Dynomight, You Are Overthinking Why My Parents Don't Care If My Spouse Is Hot
It’s just because I’m me and they’re someone else
Dynomight asks why I want the person I marry to be hot, but my parents don’t really care. Presumably, our evolutionary incentives are aligned—I want children who are genetically healthy (which, we’ll assume, hotness is a proxy for), and my parents want genetically healthy grandchildren. So why would my parents care so much less about the hotness of my mate?
Dynomight gives two possible explanations:
Maybe, uh, something complicated to do with our evolutionary incentives being not actually aligned and the word “niblings”. (The explanation is entirely coherent I just don’t feel like reproducing it here.)
Maybe people just care less about physical appearance in general as they get older.
These explanations seem to totally miss the point to me. I think the discrepancy Dynomight describes, between how much I want my spouse to be hot and how much my parents want the same thing, is just a special case of a much broader class of differing preferences. A few similar scenarios:
I am eating a lot of candy because it tastes good. My parents tell me “stop eating all that candy, it will rot your teeth”.
I buy a motorcycle because it looks cool. My parents tell me “stop riding that motorcycle everywhere, it will get you killed”.
I have a son, and my spouse dies. Later in life, I date someone who is hot but is a bad partner in other ways. My adult son tells me “I think you should find someone who’s a better match for you, even if they’re less attractive”. (The converse, that my son advises me to date someone hotter but otherwise worse, is pretty hard to imagine.)
These scenarios all have in common that a blood relative of mine advises different behavior than I would pursue on my own, even though our evolutionary incentives should be aligned. The first two scenarios demonstrate that this has little to do with differing evolutionary incentives per se (my parents could hardly have a stronger evolutionary incentive to keep me alive than I have myself), and the third one indicates that it’s not strictly due to differing maturity.
So, what’s going on? I think it’s pretty simple: evolution has given me an adaptation that delivers a direct hedonic reward for performing certain behaviors. This is because that behavior was a good proxy for reproductive fitness in the evolutionary environment: eating sugar, looking cool, and mating with someone hot were almost always good ways to maximize my reproductive success. My relatives, in contrast, receive no hedonic reward when I do these things, and so they advise me against doing them under the assumption that they are not in fact in my long term best interest.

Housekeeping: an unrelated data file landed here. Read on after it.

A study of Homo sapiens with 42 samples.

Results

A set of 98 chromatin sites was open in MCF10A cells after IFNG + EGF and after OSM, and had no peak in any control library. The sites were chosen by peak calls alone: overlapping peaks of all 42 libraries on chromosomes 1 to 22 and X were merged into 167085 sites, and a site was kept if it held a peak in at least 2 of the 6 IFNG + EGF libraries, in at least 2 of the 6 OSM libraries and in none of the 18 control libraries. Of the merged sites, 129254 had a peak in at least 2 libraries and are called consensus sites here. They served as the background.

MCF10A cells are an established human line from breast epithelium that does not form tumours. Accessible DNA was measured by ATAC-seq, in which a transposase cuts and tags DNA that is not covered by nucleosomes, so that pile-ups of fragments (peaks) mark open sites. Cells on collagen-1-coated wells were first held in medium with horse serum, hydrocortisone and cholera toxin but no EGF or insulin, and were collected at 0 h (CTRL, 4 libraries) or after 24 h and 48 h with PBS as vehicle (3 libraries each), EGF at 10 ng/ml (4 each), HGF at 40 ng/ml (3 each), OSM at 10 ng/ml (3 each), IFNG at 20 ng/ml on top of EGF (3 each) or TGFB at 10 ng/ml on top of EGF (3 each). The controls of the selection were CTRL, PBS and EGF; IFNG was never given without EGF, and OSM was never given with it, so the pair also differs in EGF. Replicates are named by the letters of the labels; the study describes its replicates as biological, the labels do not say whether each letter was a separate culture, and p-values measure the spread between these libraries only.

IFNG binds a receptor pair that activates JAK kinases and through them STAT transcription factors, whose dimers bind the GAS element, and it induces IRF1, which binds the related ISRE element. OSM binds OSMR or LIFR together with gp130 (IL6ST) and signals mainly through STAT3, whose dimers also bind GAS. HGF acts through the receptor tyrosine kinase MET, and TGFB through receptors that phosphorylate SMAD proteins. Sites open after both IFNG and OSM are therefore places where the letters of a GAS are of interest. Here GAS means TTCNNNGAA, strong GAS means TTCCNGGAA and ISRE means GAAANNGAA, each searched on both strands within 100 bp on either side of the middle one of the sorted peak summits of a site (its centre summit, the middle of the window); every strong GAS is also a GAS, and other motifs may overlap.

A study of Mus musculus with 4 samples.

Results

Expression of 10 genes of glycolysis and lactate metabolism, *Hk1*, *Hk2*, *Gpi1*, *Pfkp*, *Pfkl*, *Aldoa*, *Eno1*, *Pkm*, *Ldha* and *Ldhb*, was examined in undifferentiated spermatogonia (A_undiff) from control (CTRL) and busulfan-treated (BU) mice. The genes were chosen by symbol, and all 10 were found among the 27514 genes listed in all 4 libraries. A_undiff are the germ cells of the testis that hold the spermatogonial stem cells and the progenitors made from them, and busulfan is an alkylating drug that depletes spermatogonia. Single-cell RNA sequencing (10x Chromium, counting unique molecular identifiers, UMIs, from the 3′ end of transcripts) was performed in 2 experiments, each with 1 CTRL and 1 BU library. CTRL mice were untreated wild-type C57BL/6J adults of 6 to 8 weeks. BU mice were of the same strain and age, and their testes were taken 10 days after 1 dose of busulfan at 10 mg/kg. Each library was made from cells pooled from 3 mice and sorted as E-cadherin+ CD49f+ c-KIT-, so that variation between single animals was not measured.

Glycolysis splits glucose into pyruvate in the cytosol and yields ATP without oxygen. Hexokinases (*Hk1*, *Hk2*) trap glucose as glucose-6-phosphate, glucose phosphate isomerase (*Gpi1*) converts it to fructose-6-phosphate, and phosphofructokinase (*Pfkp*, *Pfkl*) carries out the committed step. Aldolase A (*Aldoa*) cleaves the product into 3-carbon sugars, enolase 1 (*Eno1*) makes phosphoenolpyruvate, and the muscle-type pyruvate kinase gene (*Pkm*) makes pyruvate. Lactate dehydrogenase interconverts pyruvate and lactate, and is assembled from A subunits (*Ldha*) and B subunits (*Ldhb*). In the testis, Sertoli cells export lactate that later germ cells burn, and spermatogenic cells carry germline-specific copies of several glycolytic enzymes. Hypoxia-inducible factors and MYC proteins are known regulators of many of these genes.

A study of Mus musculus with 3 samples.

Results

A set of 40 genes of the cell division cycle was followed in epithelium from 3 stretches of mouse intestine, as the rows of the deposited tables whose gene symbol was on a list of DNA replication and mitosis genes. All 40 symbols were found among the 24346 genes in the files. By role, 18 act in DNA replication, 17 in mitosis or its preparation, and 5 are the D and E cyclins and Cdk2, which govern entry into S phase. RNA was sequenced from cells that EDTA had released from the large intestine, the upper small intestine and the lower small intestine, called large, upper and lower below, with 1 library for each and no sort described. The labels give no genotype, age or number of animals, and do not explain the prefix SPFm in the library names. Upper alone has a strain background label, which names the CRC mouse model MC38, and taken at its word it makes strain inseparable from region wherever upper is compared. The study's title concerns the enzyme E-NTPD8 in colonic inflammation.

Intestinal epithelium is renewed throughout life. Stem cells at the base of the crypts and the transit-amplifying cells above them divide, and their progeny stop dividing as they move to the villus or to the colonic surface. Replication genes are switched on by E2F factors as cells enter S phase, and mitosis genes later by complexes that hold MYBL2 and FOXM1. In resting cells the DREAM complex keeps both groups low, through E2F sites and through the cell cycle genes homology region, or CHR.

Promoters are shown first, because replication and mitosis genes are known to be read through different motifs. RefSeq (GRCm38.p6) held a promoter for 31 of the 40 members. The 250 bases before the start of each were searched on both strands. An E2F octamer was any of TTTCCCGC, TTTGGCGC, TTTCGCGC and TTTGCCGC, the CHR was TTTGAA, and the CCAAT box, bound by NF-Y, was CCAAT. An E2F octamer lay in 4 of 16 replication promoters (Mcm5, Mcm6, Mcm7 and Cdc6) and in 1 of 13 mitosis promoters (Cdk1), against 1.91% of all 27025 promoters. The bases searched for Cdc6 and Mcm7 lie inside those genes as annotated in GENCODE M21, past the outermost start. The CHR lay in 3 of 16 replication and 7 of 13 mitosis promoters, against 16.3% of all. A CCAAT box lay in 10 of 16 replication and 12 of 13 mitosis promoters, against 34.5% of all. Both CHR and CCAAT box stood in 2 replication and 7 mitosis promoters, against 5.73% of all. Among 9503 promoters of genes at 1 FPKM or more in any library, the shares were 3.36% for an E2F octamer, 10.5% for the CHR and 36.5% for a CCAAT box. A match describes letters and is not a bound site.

This explanation sort of begs the question. Why didn’t humans adapt to also receive hedonic rewards when our relatives pursue those same fitness proxies? Well, I think it’s a little complicated, but I doubt it has much to do with differing incentives. I think it’s more like this:
Rewarding me for the behavior of my relatives is a much more cognitively demanding adaptation than rewarding me for my own behavior, so it only could have developed much later in evolutionary history.
Such an adaptation is also largely unnecessary, because my relative is already adapted to pursue that behavior.
Such an adaptation is also much less useful, since I have far less control over the behavior of my relatives than I have over my own.
So do your parents have no special preferences regarding your mate selection, beyond those your friends would have? No. Parents clearly are adapted to value the wellbeing of their grandchildren, which makes sense, because they could directly contribute to their grandchildren’s wellbeing in the evolutionary environment.
I believe your parents’ special preference for you to marry someone heavily invested in child rearing is basically downstream of this. If the attractiveness of your mate actually was highly predictive of your children’s wellbeing, your parents would presumably care a great deal about it. This may have been the case in the evolutionary environment, but parents never developed an adaptation to care about their children’s mates’ attractiveness per se, because they had little control over it and their children were already trying to mate with hot people anyways.
Now, I think the above is the dominant factor that explains Dynomight’s paradox, but I think there’s also a more subtle secondary factor, to do with how our reasoning differs when we are acting for ourselves versus when advising others.
Say my brother and I have aligned prospects for a hedonic reward based on his behavior: we both want him to do a cool motorcycle jump. My brother will enjoy completing the stunt, and I will enjoy watching it. However, him performing this stunt is not in fact in either of our best interests—the risk my brother will be injured or die is not worth the reward to either of us.
Even though I am privately hoping he will attempt the stunt, if my brother were to ask me for advice on whether he should go through with it, I think I would hesitate. This is because the very act of giving advice compels me to consider my brother’s best interests. Not only would I be ashamed to give advice that was biased by my own desire to see the stunt performed, I would be ashamed give advice that spoke only to his current desire to perform the stunt, and not what is overall best for him.
So too with my son’s hot partner. Even if I (very creepily) enjoy that my son is dating someone hot, I might not advise him to continue dating them if I think he would ultimately be happier with someone else.
In conclusion, Dynomight’s post was bad and I intend to drum up a twitter hate mob to harass them about it.